Engaging and approachable: Mentoring, finding solutions a large part of Karen Tobin’s influence as Fargo’s Sanford Medical Center COOFARGO - Karen Tobin’s mother told her not to take home economics in high school. They could cover that at home. Instead, she encouraged Tobin to study foreign languages.
By: Sherri Richards, INFORUM
“Women of Influence” is an ongoing series exploring the women in our community who have the most impact and influence. Each profile will explore a different element of influence and redefine what it means.
FARGO - Karen Tobin’s mother told her not to take home economics in high school. They could cover that at home. Instead, she encouraged Tobin to study foreign languages.
Today, as chief operating officer of Fargo’s Sanford Medical Center, Tobin jokes she still can’t cook, but can count to 100 in German.
In her new COO position, Tobin’s influence will permeate throughout Fargo-Moorhead through the culture she creates for Sanford’s 10,000 employees, their families and patients, says Becky Nelson, senior vice president and chief operating officer of Sanford Health.
Tobin describes her leadership style as consultative. It’s framed with a philosophy of living each day filled with joy. That attitude filters down, she says.
“I think influence is earning respect from people for how you make decisions, how you support them, and how you care for the people around you,” she says.
Tobin, 58, started her career as a nurse. It was a viable career path at the time.
“Women were really just beginning to emerge as that equal,” she says.
Nursing also provided a springboard. After her marriage ended, Tobin went back to school while also single-mothering two young children. In the evening, the three of them would all pull chairs up to the table to study.
She earned a bachelor’s degree in psychology and a master’s degree in administrative studies. Tobin says she sometimes pauses to think which of her three degrees she used in certain workplace interactions.
Tobin has worked as director, manager and clinical consultant for nursing services at a number of health care facilities in South Dakota, vice president of clinical operations and chief nursing officer for Caritas Health Services in Louisville, Ky., and program administrator for the state of South Dakota’s Correctional Health Services.
After more than a decade with Sanford Health in Sioux Falls, most recently as vice president of Heart, Vascular, GI and Surgical Services Center of Excellence, Tobin last month became chief operating officer, overseeing the medical centers on Broadway, South University Drive and a new facility under construction in southwest Fargo.
Tobin says her job is to make sure any patient and family member’s journey through the medical center is safe and satisfactory. She oversees quality of care and serves as a fiscal steward.
“We have to be very perceptive of what our community’s expectations are for us,” Tobin says.
She tells of meeting a couple while waiting for a sandwich. When she told them she works for Sanford, they expressed a recent unpleasant experience with the organization. Tobin made note of their concern, and pulled together an impromptu group for discussion and follow-up on the situation.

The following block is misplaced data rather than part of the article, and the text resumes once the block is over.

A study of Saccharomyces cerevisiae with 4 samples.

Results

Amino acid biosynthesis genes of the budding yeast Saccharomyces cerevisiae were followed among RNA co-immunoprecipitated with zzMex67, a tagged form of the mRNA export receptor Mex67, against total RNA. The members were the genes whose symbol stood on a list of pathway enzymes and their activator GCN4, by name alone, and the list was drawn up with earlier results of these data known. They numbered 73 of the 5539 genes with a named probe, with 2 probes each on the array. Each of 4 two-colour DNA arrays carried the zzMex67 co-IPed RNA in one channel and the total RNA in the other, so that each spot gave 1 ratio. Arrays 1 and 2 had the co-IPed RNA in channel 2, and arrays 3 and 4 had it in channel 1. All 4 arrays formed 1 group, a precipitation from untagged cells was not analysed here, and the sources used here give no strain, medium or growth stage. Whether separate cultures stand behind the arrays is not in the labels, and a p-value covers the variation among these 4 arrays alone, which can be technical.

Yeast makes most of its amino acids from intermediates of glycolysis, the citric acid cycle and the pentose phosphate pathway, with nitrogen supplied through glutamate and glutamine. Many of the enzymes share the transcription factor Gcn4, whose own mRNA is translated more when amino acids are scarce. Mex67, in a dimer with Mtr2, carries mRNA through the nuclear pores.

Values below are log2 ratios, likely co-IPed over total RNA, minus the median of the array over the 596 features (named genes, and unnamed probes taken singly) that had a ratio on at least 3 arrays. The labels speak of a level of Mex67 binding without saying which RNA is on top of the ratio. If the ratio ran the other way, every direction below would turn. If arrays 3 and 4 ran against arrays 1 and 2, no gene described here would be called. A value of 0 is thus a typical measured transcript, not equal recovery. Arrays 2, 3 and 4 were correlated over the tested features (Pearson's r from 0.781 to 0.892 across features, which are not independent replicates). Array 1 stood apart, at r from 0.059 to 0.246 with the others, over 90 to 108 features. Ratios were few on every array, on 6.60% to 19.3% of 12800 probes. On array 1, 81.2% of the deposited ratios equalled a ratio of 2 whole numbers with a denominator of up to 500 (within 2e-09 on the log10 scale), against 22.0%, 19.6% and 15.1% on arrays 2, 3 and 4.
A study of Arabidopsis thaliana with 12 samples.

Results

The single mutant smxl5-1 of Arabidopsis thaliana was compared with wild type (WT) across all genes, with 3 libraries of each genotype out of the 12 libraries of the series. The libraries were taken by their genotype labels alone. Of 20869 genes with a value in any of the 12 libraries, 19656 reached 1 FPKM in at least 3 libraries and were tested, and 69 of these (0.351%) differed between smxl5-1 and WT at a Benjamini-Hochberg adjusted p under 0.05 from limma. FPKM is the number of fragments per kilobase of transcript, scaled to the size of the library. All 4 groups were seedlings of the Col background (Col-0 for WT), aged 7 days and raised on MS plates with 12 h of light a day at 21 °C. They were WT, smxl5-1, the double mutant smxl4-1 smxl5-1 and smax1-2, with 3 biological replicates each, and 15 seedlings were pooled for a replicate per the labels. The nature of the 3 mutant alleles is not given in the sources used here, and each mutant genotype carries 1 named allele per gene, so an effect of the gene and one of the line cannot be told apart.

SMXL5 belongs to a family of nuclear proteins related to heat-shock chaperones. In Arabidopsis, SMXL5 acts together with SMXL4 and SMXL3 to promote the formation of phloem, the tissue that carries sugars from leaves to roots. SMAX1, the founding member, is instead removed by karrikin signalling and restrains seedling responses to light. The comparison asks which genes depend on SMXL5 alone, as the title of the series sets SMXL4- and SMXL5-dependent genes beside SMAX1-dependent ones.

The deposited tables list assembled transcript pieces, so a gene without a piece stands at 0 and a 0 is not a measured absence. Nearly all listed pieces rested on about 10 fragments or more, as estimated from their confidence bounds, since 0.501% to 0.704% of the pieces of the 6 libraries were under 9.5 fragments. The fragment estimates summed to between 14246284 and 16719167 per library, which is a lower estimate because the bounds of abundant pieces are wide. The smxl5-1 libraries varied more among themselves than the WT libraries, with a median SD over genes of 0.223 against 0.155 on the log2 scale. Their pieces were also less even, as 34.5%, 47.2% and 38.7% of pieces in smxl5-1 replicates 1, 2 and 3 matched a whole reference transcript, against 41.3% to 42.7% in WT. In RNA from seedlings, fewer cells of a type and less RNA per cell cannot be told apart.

Nelson says Tobin focuses on the objective while keeping personal relationships at the forefront.
Tobin possesses skills “so unique and pronounced, it makes her an extra special leader,” Nelson says, including her technical experience, ability to mentor and a fearless approach to management.
“She’s never afraid to take on an issue,” Nelson says. “She’s not afraid to admit she made a mistake. She allows those around her to make mistakes, but she expects them to learn from the mistake. She helps teach them what can be learned from the mistakes and what can be done differently.”
Tiffany Lawrence, chief financial officer for Sanford Medical Center, Fargo, has known Tobin only a short time but already looks to her as a mentor, citing her knowledge base.
Lawrence says Tobin expects high accountability from the people she works with, “but she can easily say she’s walked in their shoes and roll up her sleeves and work with her teams.”
She describes Tobin as engaging and approachable.
“One of my first encounters, the first thing she did was come in and give me a huge hug,” Lawrence says.
Tobin says she receives much personal joy from serving as a mentor, and helping people find their gifts. She wants her employees to feel the same Monday morning as they do Friday afternoon.
“It happens when you align the gifts God gave you with the expectations of your job,” she says.
In her spare time, Tobin enjoys an eclectic list of hobbies, including riding one of her three bicycles (sports, dirt bike and recumbent), designing children’s clothes and listening to music.
She considers her two dogs, gifts from her children, extended family.
Her son Ryan, a lawyer and former Olympic wrestler, and daughter Nealy, a marriage and family counselor, now live in Denver. Each has two children. The initials of Karen’s four grandchildren are tattooed around her wrist, and she says she has other tattoos that match her children’s.
Tobin describes them as an “airplane family.” Before accepting the position in Fargo, she made sure there was a direct flight to Denver.
She says the support and pride of her children over the years as a single parent was significant and inspirational.
“When you have to live single again and you have young children, it’s like you all grow up together,” she says. “You have to learn what you’re all about again.”
While geographically not far from her upbringing on a South Dakota cattle ranch, she’s come far from her “west river” roots.
“I no longer put on my résumé that I know how to rope cows,” she jokes.
Readers can reach Forum reporter Sherri Richards at (701) 241-5556.